This appeal is from a conviction for the offense of aggravated assault; punishment was assessed by a jury at two years in jail and a fine of $1,000.00.
The injured party was five years of age. Appellant and the child's mother were in Houston staying at a motel. Several persons saw the child and noticed bruises on her. The police were called. They took custody of the child and placed her in a hospital. Dr. Jerry Edwards examined her when she was brought to the emergency room of the hospital. At the trial, he testified that the child was quite battered when he first examined her, having multiple bruises under her eyes and on her body and extremities. He also testified that these injuries were compatible with the type that would be inflicted by use of a fist or a belt. The child testified that the appellant had beaten her on several occasions with his fists and with a leather belt. The mother testified to the same effect.
The evidence is sufficient to support the verdict.
Appellant complains that the trial court erred in admitting photographs of the child into evidence. The exhibit in question consists of nine color photographs of the child which were taken shortly after she had been placed in police custody. These were identified as being a fair and accurate representation of the child's condition at that time by the police woman who had been present when the photographs were taken.
Appellant attacks the admissibility of this exhibit on two grounds. He complains that the photographs were staged and that they were so inherently inflammatory that he was denied a fair trial.
The due process test for photographic evidence was stated cogently in Burns v. Beto, 371 F.2d 598, at 601 (5th Cir. 1966):
The photographs admitted into evidence in the instant case were properly authenticated by a witness who was present when they were taken. Fobbs v. State, Tex.Cr. App., 468 S.W.2d 392. They are logically relevant to a determination of the extent of the child's injuries and of whether the requisite intent and malice were present when those injuries were inflicted. We find no violation of due process. Burns v. Beto, supra; Harris v. State, Tex.Cr.App., 457 S.W.2d 903; Pait v. State, Tex.Cr. App., 433 S.W.2d 702.
The evidentiary rules require that photographs be legally relevant to the solution of a disputed fact issue. Burns v. State, Tex.Cr.App., 388 S.W.2d 690. A determination of the legal relevance of a photograph is made upon the same basis as is a decision on the admissibility of other types of evidence, and this determination must necessarily rest largely in the discretion of the trial judge. Harris v. State, supra.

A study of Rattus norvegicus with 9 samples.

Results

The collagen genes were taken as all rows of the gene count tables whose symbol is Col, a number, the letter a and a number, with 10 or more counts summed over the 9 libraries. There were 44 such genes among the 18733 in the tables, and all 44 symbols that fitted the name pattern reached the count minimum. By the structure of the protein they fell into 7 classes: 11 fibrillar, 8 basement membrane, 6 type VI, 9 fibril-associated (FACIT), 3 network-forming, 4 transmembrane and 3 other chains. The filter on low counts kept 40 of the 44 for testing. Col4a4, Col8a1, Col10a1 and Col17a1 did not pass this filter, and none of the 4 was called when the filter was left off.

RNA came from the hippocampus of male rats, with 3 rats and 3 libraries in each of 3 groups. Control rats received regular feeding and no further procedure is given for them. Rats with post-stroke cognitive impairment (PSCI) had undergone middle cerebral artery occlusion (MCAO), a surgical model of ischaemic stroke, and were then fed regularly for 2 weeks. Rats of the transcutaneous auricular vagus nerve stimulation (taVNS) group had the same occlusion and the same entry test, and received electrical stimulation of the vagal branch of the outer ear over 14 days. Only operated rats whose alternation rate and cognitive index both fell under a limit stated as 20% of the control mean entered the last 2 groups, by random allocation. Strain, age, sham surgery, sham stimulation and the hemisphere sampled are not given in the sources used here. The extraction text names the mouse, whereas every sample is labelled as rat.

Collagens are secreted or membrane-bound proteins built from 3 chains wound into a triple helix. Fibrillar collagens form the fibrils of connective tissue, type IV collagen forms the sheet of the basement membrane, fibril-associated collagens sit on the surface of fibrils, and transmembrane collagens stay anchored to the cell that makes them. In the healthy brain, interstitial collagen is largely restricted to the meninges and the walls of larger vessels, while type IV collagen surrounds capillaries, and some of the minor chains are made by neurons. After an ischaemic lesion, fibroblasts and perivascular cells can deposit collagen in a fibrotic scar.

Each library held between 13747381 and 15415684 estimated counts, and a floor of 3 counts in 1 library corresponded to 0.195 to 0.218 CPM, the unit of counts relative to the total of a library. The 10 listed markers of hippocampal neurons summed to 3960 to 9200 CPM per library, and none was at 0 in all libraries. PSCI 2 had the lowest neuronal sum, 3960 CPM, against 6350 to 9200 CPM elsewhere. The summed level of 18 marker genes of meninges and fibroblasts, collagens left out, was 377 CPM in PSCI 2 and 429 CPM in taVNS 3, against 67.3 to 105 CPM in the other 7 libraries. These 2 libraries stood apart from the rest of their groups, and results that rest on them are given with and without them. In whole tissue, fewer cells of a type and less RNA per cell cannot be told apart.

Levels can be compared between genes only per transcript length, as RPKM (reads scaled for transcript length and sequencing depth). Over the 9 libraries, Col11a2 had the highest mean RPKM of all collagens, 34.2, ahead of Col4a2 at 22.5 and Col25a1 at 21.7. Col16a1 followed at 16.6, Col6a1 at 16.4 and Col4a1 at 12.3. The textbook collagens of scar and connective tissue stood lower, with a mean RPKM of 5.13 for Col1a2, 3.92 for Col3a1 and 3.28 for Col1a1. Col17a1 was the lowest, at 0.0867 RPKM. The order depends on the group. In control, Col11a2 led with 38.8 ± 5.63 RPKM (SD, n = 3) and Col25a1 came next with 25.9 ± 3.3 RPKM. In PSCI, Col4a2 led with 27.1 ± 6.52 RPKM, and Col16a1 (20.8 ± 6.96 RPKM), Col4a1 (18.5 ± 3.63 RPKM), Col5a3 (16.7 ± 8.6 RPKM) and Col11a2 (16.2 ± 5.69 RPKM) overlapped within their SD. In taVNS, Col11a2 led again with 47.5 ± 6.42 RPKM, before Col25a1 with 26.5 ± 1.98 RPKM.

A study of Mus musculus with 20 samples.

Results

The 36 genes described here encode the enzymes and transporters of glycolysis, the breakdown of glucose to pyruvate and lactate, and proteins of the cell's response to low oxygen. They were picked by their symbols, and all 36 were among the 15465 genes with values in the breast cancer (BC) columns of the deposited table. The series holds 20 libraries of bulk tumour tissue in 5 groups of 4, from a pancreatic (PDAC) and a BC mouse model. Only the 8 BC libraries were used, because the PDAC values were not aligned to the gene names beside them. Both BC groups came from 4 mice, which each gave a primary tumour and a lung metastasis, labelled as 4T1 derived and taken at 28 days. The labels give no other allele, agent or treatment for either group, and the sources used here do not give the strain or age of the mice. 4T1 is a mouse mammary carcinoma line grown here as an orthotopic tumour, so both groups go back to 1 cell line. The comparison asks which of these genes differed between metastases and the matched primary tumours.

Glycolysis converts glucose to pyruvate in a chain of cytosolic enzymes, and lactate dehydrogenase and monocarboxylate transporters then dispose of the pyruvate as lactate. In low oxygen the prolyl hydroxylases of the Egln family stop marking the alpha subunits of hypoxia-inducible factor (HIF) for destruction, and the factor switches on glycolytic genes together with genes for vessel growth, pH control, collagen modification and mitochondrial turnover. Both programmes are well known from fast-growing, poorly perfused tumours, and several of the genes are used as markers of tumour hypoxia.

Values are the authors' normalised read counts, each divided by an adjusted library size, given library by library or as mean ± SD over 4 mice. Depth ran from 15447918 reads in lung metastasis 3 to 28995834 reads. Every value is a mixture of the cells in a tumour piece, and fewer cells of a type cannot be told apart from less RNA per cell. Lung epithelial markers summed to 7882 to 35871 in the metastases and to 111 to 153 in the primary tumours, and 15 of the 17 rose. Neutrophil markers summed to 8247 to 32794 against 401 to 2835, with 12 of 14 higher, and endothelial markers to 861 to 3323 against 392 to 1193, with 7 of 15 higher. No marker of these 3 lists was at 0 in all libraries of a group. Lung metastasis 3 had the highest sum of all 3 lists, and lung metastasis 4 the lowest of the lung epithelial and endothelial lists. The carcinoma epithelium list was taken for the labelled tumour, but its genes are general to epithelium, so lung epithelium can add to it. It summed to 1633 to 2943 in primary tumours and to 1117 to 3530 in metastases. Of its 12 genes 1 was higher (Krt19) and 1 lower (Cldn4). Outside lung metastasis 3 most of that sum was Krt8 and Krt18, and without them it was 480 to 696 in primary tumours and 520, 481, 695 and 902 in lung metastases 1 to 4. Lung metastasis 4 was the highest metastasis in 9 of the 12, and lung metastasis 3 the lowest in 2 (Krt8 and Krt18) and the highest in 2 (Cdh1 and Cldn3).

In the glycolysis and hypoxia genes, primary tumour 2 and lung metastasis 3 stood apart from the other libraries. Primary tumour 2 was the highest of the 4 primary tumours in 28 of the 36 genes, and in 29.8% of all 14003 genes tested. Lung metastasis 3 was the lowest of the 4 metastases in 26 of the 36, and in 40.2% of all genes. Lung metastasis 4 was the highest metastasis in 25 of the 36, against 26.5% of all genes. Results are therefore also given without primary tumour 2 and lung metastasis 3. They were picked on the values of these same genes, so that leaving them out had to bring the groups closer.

The fact that a photograph is gruesome will not automatically rule out its admissibility. However, an extremely gruesome photograph might tend to so inflame the mind of the jury that its effect is to confuse the issue of guilt or innocence with the horror of the crime. In a case where the photograph offered is extremely gruesome, a consideration should be given to whether its probative value outweighs its inflammatory aspect and to the difficulty in establishing the evidentiary fact by some other means. Thus, in Burns v. State, supra, a color photograph of the deceased "* * * shown lying on his back with his eyes open and his entire throat lying open about an inch wide just under the chin * * *" became admissible to show the savagery of the attack when the accused testified that he had acted in self-defense.
In cases involving assaults, photographic representations of the victim may be the only adequate means of proving that an assault has in fact occurred. Because of this factor, photographs of the victim which depict the injuries have been held to be admissible. Jones v. State, Tex.Cr.App., 462 S.W.2d 578; Younger v. State, Tex. Cr.App., 457 S.W.2d 67; Hart v. State, Tex.Cr.App., 447 S.W.2d 944; Pait v. State, Tex.Cr.App., 433 S.W.2d 702; Pitcock v. State, Tex.Cr.App., 420 S.W.2d 719. The fact that these portrayals are posed goes to their weight and not to their admissibility.
While the photographs in the instant case are unpleasant, they are not so gruesome that a reasonable person sitting as a juror would be inflamed by the scene which they depict. Moreover, the state had the burden of proving that an assault had occurred; and the photographic representation of the injuries tends to establish this element in a way which testimony by witnesses could not as accurately portray. A proper predicate was laid for introduction. We hold that the photographs were admissible into evidence. Jones v. State,
The remaining grounds of error have been examined and we conclude they are without merit. A discussion of them would contribute nothing to the jurisprudence of this state.
There being no reversible error, the judgment is affirmed.
MORRISON, J., concurs in the result.